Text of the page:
Last year, Knockout City went free-to-play and independent, leaving behind Electronic Arts, which had published it as part of the EA Originals label. According to SteamDB’s charts, the switch to free-to-play temporarily bumped its daily player count from under 200 to over 2,000, though that soon dropped down the 200–300 mark where it’s stayed ever since.

Knockout City’s final update on February 28 will bring it up to version 9.0 and mark the beginning of Season 9. “This will be a 12-week season,” Russo writes, “with six back-to-back events featuring some of our most creative cosmetics yet, fresh new twists on several of our best playlists, a whole event focused exclusively on League Play, and a super-sized two-week Midnight Madness where the community will pick the two Playlists they want to play to close out the last Season. There will be a whole new map to accompany an entirely season-themed Brawl Pass and Deep Space Dispatch storyline!”

On the same date, Knockout City’s real-money transactions will be disabled. Season 9’s events will still hand out rewards including its in-game currency, which is called Holobux, and cosmetics will be on sale while rewards will be increased.

When Season 9 is complete on May 23, a final two-week farewell event called “Thanks for the KOs” will run, offering triple XP and the return of a playlist called “Superpowers: Power Grab”. The servers will officially shut down at 12pm UTC/4am PST on June 6, though players on PC will be able to continue playing, Russo writes, as “we’ll be releasing a standalone player-hosted version of the game for Windows PCs. Even after the official servers go offline, Knockout City can continue to be played for eternity by fans that want to host their own servers!” More details on how that will work are still to come.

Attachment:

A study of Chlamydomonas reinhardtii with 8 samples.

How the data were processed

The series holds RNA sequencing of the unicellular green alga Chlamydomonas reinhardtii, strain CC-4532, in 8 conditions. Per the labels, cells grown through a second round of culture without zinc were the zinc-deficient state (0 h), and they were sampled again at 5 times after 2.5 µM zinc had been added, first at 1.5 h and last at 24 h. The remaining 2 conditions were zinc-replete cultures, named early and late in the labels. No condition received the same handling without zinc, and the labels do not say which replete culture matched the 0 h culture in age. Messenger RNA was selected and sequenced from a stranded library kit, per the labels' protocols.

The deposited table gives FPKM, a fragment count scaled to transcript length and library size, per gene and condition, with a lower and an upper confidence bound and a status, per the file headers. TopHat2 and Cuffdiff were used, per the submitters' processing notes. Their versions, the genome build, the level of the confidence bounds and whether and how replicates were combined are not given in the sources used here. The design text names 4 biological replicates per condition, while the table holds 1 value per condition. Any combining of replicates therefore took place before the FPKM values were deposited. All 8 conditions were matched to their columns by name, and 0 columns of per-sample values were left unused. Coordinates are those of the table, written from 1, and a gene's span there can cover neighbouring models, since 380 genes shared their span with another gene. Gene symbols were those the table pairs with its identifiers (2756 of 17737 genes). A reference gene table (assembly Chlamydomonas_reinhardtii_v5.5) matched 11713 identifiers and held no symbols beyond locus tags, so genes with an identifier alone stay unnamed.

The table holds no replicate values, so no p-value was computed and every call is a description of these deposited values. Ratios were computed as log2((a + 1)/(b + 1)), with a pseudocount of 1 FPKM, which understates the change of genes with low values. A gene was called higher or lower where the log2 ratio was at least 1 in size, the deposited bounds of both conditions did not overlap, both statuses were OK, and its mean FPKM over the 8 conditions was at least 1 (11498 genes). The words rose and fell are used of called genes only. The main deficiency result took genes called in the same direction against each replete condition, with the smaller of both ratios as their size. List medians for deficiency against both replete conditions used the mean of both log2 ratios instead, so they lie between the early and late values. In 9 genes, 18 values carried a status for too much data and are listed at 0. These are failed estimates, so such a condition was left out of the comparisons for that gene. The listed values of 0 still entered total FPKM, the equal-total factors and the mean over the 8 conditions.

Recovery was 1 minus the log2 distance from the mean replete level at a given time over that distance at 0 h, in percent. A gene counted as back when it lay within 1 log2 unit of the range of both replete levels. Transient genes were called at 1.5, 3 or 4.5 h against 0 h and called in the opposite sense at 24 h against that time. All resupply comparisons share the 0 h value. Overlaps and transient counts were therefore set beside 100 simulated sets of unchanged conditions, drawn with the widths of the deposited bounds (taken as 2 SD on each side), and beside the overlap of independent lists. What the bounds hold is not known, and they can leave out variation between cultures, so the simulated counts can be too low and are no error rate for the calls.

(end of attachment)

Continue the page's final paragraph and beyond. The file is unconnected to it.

As for what Velan Studios plans to do next, it may well include something adjacent to Knockout City. “We’re currently in the process of doing a comprehensive retrospective on every aspect of the game,” Russo writes, “all the community feedback and analytics data, and even our development processes. Our hope is that sometime in the not-too-distant future, all this information can be used to start work on what comes next in the Knockout City universe. While we can’t promise that Knockout City will be back, what we can promise is that you’ll continue to see new and innovative games from Velan Studios that will surprise and delight players around the world.”

This news comes just days after the announcement that Iron Galaxy Studios’ free-to-play online wrestling game Rumbleverse is shutting down just six months after its launch, which came only days before the similar announcement that Ubisoft’s free-to-play battle royale Hyperscape is shutting down less than two years after its launch. It’s rough out there for live-service games right now, even ones as well-liked as Knockout City was when it arrived. Has anybody heard from Rocket Arena lately?